BRAWLEY – Brawley citizens voiced their objections of the approved low-income, Section 8 housing project at Malan and South 1st Street behind Witter School to city council Thursday at their 2:00 p.m. meeting. The group called itself the Homeowners and Supporters of Malan & Victoria Park Developments.
Spokesperson for the group, Ashley Mendibles, stated their many concerns: the zoning notification process, the date of the site plan approval, the deferral of impact fees to the developer, the density study from Cattle Call Drive to Malan Street, the ten year old traffic study, and uncompleted roads in the area.
“The original traffic study took into consideration that all roads surrounding Malan and Victoria Park would be completed,” said Mendibles. “These roads are not completed and the traffic on Malan will be over capacity when the housing project is completed. We feel there could be a safety issue with public safety services because of excess traffic. The city should also require roads be completed prior to the building of new projects. Homeowners in the area were told when they purchased homes in these developments that the property for the new project was going to be a park,” Mendibles said.
Mendibles produced a petition that had 250 signatures opposing the new low-income housing project.
“Besides the safety issues, homeowners in the area feel that property values will suffer and quality of life will be diminished because of this development,” said Mendibles.
Mayor George Nava assured the group that the council will note all of their concerns.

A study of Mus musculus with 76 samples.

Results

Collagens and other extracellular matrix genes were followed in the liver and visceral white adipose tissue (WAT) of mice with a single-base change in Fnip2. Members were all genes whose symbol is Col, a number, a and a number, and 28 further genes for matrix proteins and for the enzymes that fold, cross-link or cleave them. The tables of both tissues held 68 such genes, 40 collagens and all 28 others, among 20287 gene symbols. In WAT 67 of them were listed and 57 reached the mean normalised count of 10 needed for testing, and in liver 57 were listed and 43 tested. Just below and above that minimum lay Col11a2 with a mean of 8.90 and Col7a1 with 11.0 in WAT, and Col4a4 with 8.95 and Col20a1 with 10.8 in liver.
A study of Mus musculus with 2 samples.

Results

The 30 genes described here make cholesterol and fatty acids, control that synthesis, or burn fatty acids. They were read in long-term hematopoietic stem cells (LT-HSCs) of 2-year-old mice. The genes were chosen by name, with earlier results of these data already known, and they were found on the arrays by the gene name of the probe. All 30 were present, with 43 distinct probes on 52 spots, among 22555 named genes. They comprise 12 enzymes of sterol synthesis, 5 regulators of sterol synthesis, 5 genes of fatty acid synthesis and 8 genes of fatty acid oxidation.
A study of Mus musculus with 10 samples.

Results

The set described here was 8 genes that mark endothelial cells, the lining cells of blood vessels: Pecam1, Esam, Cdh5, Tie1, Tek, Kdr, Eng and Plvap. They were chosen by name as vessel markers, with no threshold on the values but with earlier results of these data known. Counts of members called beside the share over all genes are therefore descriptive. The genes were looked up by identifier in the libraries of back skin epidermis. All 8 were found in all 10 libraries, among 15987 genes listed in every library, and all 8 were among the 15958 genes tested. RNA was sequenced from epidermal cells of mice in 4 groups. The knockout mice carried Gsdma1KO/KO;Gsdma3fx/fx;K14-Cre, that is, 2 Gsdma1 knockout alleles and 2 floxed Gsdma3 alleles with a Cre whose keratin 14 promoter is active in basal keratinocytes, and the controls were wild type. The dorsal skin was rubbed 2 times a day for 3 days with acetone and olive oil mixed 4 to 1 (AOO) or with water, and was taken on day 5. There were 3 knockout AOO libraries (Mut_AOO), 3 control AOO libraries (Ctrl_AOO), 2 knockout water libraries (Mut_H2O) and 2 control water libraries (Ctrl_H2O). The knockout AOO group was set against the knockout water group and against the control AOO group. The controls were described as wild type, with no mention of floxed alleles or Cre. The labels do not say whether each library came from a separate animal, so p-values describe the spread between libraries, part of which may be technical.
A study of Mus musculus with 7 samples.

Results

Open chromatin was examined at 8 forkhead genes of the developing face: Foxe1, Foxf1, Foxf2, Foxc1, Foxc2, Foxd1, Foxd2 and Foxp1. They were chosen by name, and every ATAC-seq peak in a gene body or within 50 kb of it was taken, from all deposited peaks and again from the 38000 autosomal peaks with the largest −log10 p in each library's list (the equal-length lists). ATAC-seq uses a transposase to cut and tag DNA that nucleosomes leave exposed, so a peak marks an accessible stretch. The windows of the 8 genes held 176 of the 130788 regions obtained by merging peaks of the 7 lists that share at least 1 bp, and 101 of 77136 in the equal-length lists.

“The council thanks the citizens for their attendance and we as a council hear what your concerns are,” said Nava.
City Manager Rosanna Bayon Moore stated that the Planning Commission meeting is November 4. At that time the commission will hear and rule on the projects’ request for their parcel map.
“Those that oppose or support that decision may appeal to the city council on the Planning Commission decision,” said Moore.
The zoning for the housing project allows for housing. There is no zoning change.
“This parcel was zoned before it was annexed by the City of Brawley,” said Smerdon. “It is use by right. It is zoned for housing. The only thing in front of the Planning Commission is whether they can split the parcel in two. There is very little the commission can do to deny the parcel map.”
City staff pointed out that not allowing low-income housing could be construed as discrimination, and that the parcel is zoned for housing.